S.A.L.V.E International: Motorbike May appeal
- Exhibited by
- Nicola Sansom
- June 20, 2013
- Medium of Communication
- Target Audience
- Type of Charity
- Children, youth and family
- Country of Origin
- UK and Uganda
- Date of first appearance
- May 2013
S.A.L.V.E International might be a small charity, but they know the power of a story. Or in this case, 31 stories, one told each day during the month of May on the charity’s blog. Donors paid to support the stories they liked and before long the charity had exceeded its target and bought the motorbike. In the process they showed their donors through these stories that they weren’t just helping to buy a motorised lump of metal, they were giving them the chance to help to reunite children living on the streets with their families.
Creator / originator
Summary / objectives
To raise £1,000 during May 2013 to allow S.A.L.V.E to buy its own motorbike and spread wider awareness about its work.
Nicola Sansom writes.
‘When we were working as volunteer teachers in Jinja, eastern Uganda, Helen Bolton and I were appalled by the number of children living on the streets. We were convinced that even though it might have become part of everyday life in Jinja, something could be done. So in February 2008 we started S.A.L.V.E International to give children living on the streets a home, education and hope for the future.
‘S.A.L.V.E firmly believes that, whenever possible, the best place for children to live is with their own family. So the first thing we do to rehabilitate a child is to find his or her family home. We needed our own motorbike so that we can find the homes of many more children in the local area without having to wait to use the unreliable public transport. This saves money on transport too, as well as valuable staff time. We are able to trace the home of more than one child at a time, meaning that another child doesn’t have to sleep on the street that night. Saving time also means that we can give more attention to children still on the street and work to try and encourage them to leave the street. It means we have a vehicle to use in an emergency and to begin our partial sponsorship programme to help more children re-enter education when they return home.’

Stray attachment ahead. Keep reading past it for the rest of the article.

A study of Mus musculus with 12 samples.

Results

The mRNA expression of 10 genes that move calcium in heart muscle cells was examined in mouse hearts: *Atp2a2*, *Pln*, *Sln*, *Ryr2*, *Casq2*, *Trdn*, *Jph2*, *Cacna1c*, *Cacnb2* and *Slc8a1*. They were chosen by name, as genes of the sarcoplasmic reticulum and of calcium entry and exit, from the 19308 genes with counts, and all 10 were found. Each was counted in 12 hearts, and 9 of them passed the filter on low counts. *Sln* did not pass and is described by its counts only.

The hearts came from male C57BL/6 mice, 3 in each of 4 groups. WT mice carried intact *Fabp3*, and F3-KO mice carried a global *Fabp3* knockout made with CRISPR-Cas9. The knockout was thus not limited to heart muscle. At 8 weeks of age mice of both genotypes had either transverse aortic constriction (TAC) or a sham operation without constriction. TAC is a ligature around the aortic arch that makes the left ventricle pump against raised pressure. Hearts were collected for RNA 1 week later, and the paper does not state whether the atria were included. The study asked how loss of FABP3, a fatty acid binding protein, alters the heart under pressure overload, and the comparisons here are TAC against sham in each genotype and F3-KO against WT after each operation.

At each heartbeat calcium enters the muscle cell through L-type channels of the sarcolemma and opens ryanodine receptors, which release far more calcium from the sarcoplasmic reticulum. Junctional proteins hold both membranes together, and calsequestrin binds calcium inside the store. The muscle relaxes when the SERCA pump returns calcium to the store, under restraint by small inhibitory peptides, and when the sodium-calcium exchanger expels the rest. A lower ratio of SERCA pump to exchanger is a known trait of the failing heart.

S.A.L.V.E calculated that if 200 people each donated five pounds each, we would raise enough money to buy our motorbike. To do this we created ‘Motorbike May’.
Each day during May 2013 we told a story of a child that the charity had helped, or showed other ways the motorbike could help us carry out our work. We shared the stories and photographs each day through our blog and on Facebook and Twitter. This allowed people to contribute their five pounds, or whatever they had, and also to share and like the pictures to encourage others to take part.
Influence / impact
A motorbike is now travelling around Uganda finding the homes of children living on the streets and reuniting them with their families.
Just the time to put the images together and share them.
We actually raised £1,224.38 including Gift Aid.
This is a simple idea that any small charity could do that helps them to share the stories about their impact more widely and raise money for something that is not generally liked by funders (a vehicle) that can have a big effect on their work.
Other relevant information
Find more details about S.A.L.V.E. International, here.